Creating positive change in your community
To create positive change in a community, groups must move through an uncomfortable “groan zone” by building trust, communicating effectively, sharing a vision and moving to action.
There is a certain dynamic that occurs when a group of people decide or are forced to make a change and take action. Sam Kaner, author of the “Facilitator’s Guide to Participatory Decision-Making,” describes a change process where groups move from broad decision making—what they want to accomplish— to defining agreed upon goals or objectives. Between such divergent and convergent thinking lies an area Kaner refers to as the “groan zone.” It’s a place where some groups or individuals step off and never return. It is the uncomfortable space where conflict, uncertainty and frustration occur.
To create positive change in a community, groups can move through the “groan zone” by building trust, communicating effectively, sharing a vision and moving to action. The first and most important is the development of trust and cooperation.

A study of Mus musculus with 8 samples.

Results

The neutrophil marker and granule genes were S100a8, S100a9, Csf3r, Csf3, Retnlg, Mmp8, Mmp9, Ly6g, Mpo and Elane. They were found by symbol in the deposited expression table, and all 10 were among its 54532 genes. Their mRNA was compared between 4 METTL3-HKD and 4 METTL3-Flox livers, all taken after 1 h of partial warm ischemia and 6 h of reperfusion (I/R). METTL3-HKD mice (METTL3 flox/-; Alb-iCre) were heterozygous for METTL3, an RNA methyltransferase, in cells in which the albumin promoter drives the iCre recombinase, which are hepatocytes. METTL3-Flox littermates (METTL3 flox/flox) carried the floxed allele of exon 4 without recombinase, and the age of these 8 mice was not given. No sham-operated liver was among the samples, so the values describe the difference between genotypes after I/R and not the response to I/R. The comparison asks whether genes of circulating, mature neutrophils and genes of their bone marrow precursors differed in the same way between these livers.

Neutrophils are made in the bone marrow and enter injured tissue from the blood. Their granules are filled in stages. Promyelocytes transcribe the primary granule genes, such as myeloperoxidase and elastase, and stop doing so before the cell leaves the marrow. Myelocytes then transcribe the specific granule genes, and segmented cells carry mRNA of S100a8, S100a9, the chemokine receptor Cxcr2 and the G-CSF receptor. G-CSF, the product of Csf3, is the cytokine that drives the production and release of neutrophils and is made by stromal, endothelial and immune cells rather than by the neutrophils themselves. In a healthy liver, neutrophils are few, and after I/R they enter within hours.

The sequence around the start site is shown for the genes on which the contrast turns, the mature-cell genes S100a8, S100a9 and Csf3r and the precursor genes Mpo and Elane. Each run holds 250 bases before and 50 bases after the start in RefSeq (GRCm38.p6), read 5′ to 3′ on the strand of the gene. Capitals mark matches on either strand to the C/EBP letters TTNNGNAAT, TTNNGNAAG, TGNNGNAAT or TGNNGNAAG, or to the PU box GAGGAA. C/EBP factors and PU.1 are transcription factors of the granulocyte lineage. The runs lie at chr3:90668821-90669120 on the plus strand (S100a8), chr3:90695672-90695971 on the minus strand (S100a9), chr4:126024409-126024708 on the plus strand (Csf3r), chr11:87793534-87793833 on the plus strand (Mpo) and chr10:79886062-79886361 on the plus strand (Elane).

Trust and Cooperation
Through a variety of interactions, community groups began to realize what they can expect from each other. Who does what they say they will? Who is open and thoughtful? Who is creative? Who will take the lead? If trust is established, greater cooperation occurs and people become more comfortable stating their opinions. The level and maintenance of trust then becomes a “tipping point” for creating positive community change.
Communication is necessary for successful group process. If there is an individual from the group who is holding back information or harboring a hidden agenda and the group cannot find a way to question and communicate these issues, the ability to create positive change begins to teeter and trust deteriorates. Skills aimed at strengthening leadership, team development, group facilitation and conflict management can help support constructive communication.
Next is the ability to create a shared vision. The group has built trust, developed tools to communicate well and now they begin to create a shared vision; a vision that they can all rally around. Tensions that may have existed are reduced. The group begins to define clear outcomes, articulating specific goals and objectives.
Move to Action
Finally, the implementation stage begins. If trust becomes threatened, communication is not continued or the shared vision becomes distorted the goal or desired outcome of the group will suffer. Positive and sustainable community change requires a precarious balance of group dynamics as demonstrated in the illustration below.